So, what should marketers be thankful for this year? Which evolutions, tactics, and trends impacted the field positively in 2018?
There are countless options to choose from, but these five in particular stand out for both the scale of their influence this year and for their potential to continue to affect marketing for years to come.
At first glance, Europe's General Data Protection Regulation (GDPR) seems like something marketers should lament, rather than be thankful for. This sweeping legislation, which went into effect in May, gave consumers much more control over their own data and required businesses to disclose their data collection practices as well as ask for explicit consent to utilize information. Although the regulation was enacted by the EU, it impacted firms of all sizes across the globe.
Why was this good for marketers? Because for years data had been collected, used, and stored sloppily: too many firms had embraced the power of data without accepting the necessary responsibility. This was leading to ever-increasing distrust and anger from consumers.
Essentially, GDPR forced businesses to take much needed steps that had been avoided for far too long. While this brought some short-term pain, it made the long-term future of data-based marketing much more secure.
While search engine marketing and search engine optimization have been powerful tools for businesses, there has also been a largely unacknowledged flaw: the way search platforms are used and they way operate has not matched real-life behavior. Specifically, the keyword-based approach to search hasn't been a good fit with how people naturally use language.
Two trends are changing this. First, thanks to the popularity of tools such as Siri and Google Assistant on smartphones and devices enabled with Alexa-like helpers, consumers are increasingly using voice to search instead of typing. Second, search engines like Google are utilizing approaches such as natural language processing (NLP) to better understand how humans communicate. Essentially, people are searching more conversationally and search systems are simultaneously getting better at deciphering conversational language.
For marketers, this combination means that trying to anticipate stilted consumer queries is becoming increasingly less important. The major benefit of this is that efforts can be focused on targeting what people truly want — not the keywords they happen to use in a search engine.
While new technologies usually get most of the buzz, sometimes changes in approaches can be just as transformational to marketing.
One prime example is account-based marketing (ABM). This framework, which transitioned from a buzzword to a mainstream strategy this year, is used to market to firms or even individuals with specific messaging, rather than lumping them into segments. While this may not sound revolutionary, its impact is: some 97% of marketers say ABM has a higher ROI than any other marketing initiative.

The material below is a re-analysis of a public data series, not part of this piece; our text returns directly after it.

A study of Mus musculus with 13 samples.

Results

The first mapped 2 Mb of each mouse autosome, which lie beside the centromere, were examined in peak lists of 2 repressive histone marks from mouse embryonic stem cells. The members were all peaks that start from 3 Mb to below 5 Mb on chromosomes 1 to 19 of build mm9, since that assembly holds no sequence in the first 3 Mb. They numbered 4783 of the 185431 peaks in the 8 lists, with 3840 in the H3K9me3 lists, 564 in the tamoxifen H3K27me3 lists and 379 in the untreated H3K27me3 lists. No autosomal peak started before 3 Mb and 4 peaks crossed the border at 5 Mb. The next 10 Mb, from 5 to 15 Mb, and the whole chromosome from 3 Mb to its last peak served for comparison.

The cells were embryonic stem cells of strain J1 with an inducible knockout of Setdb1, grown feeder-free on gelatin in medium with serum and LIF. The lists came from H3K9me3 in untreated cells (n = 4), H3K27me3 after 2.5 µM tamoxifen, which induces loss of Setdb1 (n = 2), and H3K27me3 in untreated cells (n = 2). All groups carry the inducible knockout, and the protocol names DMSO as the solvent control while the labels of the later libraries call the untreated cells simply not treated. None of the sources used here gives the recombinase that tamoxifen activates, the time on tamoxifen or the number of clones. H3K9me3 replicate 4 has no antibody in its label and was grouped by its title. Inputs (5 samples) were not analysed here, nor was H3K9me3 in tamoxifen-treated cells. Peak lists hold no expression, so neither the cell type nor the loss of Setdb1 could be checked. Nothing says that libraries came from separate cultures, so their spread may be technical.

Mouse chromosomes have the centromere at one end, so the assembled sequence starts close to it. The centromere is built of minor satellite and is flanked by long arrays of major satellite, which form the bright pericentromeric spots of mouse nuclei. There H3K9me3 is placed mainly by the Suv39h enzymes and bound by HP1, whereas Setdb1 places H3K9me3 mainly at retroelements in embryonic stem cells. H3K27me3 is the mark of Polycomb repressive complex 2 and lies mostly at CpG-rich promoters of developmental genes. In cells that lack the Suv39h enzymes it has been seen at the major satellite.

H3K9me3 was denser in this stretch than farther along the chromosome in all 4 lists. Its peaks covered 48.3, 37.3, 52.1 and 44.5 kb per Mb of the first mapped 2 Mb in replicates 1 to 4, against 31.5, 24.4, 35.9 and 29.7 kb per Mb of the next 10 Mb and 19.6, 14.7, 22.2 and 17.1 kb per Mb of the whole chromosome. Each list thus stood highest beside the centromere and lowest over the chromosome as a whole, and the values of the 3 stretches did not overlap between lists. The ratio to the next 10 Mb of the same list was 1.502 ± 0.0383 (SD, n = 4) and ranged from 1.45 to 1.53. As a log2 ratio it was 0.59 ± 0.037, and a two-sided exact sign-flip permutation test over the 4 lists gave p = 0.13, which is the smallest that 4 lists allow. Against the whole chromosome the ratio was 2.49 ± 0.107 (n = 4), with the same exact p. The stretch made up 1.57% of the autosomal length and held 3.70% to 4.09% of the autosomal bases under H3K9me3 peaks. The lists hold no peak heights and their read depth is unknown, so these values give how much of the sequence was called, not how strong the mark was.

Why is ABM such a big deal? Because it's an example of an approach maturing at the same time as the tools needed to execute it properly. Thanks to sophisticated marketing platforms, marketers and salespeople can now to highly tailor messaging, advertising, and content at scale. This means each target is delivered the most effective materials, resulting in higher engagement and revenue.
What if there was a social network that was based on the visual content types audiences love (images, videos, ephemeral posts), that was adored by valuable audiences, that wasn't tainted by scandal, and that had highly-effective advertising capabilities?
There is: Instagram.
The platform now has more than 1 billion active monthly users, is catching up to Snapchat in popularity with young consumers, and has avoided the controversies surrounding parent company Facebook while still utilizing its incredibly powerful advertising engine.
Basically, this was the year that Instagram became the Goldilocks network: just big enough, just popular enough, just trendy enough, and just sophisticated enough. In a time when audiences are increasingly wary of big social platforms, it has become a much-needed haven for marketers.
Finally, this year marketers should be thankful for a demographic that has been much maligned: Millennials.
For years, businesses have been struggling to understand this group, which is expected to overtake Boomers as the largest age cohort in the United States in 2019. Unfortunately, much of the coverage has been alarming: supposedly these younger consumers want firms to be hip and political by diving into cutting-edge technologies and controversial causes.
The data, however, paints a different picture. As with all other groups, Millennials' top concerns with products/services are cost and quality. Beyond that, this group doesn't necessarily want companies to take stands: just 15% say they pay attention to brands' political and ethical positions. Rather, what they care about are authenticy (97% value), trustworthiness (77%), loyalty (74%), and responsibility (73%).
Fundamentally, Millennials are simply pushing brands to ditch artifice and focus on providing authentic messaging, high-quality service, and good value. That's a positive shift that both consumers and marketers should be thankful for.
MDG Advertising was founded in 1999 by Michael Del Gigante, who currently serves as the agency's Chief Executive Officer. The agency — now the 6th largest in South Florida — attributes its growth to exceptional creative strategies, outstanding client service, and results-oriented executions. Perhaps even more important, MDG has not only been quick to embrace new technologies such as digital and social media, but has focused on how these channels will benefit its clients. Over the past decade and a half, the agency has consistently produced award-winning, innovative work for companies and industries in a multitude of verticals.